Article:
Rethinking investments in agriculture is needed to support integrated land and water resources management in rainfed and irrigated agriculture and to focus on policy coherence. The high costs of degradation and inaction highlight the urgency to increase investments in sustainable land, soil and water management and in restoring degraded ecosystems, including viable land and water management technologies, integrated landscape approaches in priority river basins and ecosystems at risk. Emerging events following the advent of COVID-19 in early 2020 also need to be part of future investments, as they have exposed vulnerabilities in global supply chains that are still playing out.
The main scope of international investment in agriculture sectors has included agricultural development and governance, irrigation and drainage improvement, water resources management, climate change and, to a lesser extent, land and soil resources management. Many projects also seek to improve agribusiness, have an ecological or environmental focus, or focus on poverty alleviation and community development. Conventional funding has aimed to maximize agricultural efficiency and find competitive advantage, which has meant that in land- and water-scarce areas in particular, food self-sufficiency has been given a priority lower than that of producing exports of high-value crops.
Investments are therefore needed to move from infrastructure solutions and increasing production to sustaining productivity of rainfed and irrigated systems through improved governance, integrated interventions at scale and innovation in management and technology.
Investment in integrated interventions at scale shows great promise, and can be supported through innovative financing and incentive mechanisms. Public investment can help to develop capacities across producer associations, regulators and applied research. An effective land and water governance framework that mobilizes responsible investments and promotes the adoption of innovative management and technology in concert with sustainable land and water practices is a realizable goal. It requires understanding trade-offs among sectors, conflicts between land and water use for agriculture, forests and urban needs, and the urgent need to curb GHG emissions, through avoiding deforestation and enhancing carbon sequestration.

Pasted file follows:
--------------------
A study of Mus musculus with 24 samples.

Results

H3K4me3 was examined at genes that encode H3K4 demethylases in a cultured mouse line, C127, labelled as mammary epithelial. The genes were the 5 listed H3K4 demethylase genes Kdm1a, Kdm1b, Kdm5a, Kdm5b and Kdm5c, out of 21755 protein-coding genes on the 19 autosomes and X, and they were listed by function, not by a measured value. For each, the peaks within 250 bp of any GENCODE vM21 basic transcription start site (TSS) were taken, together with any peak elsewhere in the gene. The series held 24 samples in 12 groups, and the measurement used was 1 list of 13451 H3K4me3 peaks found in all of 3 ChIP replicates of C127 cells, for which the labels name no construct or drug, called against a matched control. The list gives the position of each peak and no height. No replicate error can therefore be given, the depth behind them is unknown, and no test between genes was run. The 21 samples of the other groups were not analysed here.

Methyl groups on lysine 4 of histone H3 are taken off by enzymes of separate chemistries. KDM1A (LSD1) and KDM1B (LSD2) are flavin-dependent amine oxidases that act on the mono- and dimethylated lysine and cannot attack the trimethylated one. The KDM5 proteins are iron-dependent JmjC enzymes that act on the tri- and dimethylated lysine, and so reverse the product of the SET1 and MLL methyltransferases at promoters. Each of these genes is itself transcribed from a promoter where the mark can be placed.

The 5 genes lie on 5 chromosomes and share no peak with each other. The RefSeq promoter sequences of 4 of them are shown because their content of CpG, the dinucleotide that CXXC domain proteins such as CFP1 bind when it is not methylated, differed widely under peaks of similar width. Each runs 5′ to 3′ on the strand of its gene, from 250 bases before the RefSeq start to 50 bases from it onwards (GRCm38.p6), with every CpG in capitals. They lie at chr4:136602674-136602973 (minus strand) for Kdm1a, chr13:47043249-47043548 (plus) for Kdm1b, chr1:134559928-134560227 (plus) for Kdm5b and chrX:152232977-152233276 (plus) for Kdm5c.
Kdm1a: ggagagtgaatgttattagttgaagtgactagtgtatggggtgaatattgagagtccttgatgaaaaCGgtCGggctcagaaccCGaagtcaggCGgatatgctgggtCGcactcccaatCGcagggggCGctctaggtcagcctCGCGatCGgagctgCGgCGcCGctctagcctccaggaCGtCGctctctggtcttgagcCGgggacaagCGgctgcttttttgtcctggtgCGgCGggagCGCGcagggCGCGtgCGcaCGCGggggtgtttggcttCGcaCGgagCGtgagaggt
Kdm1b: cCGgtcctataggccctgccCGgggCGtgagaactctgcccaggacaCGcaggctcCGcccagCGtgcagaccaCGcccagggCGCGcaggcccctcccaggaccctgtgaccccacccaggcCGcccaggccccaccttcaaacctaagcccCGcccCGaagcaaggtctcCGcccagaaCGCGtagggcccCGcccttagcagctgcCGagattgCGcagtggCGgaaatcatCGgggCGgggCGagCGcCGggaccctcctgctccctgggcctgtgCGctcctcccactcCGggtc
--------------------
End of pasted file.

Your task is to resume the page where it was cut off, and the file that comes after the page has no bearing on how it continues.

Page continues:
Investments from the private sector need to complement investments from development banks and environmental funds. Governments can encourage consumers, non-governmental organizations and businesses to adopt responsible investments towards land and water management and sustainable food and agriculture systems.
Farmers and local communities are also key investors when productivity gains help sustain livelihoods and improve income levels. Incentivizing farmers to become investors in sustainable land and water management can bring all-round environmental benefits. However, they will need support from innovative financing and instruments that reconcile production and environmental management. Instruments that support community-based land and water productivity improvements, small-scale infrastructure and access to microcredit are all likely to be effective.
Finally, it should be stressed that complementary investment is needed in data and information management to improve connectivity among all producers, markets and regulators. Investment in innovative technologies and research is also needed, particularly in renewable energy systems and genetic applications. Early warning systems and performance monitoring will also improve on-farm decision-making, while information on adverse environmental and social impacts will help guide responsible investment.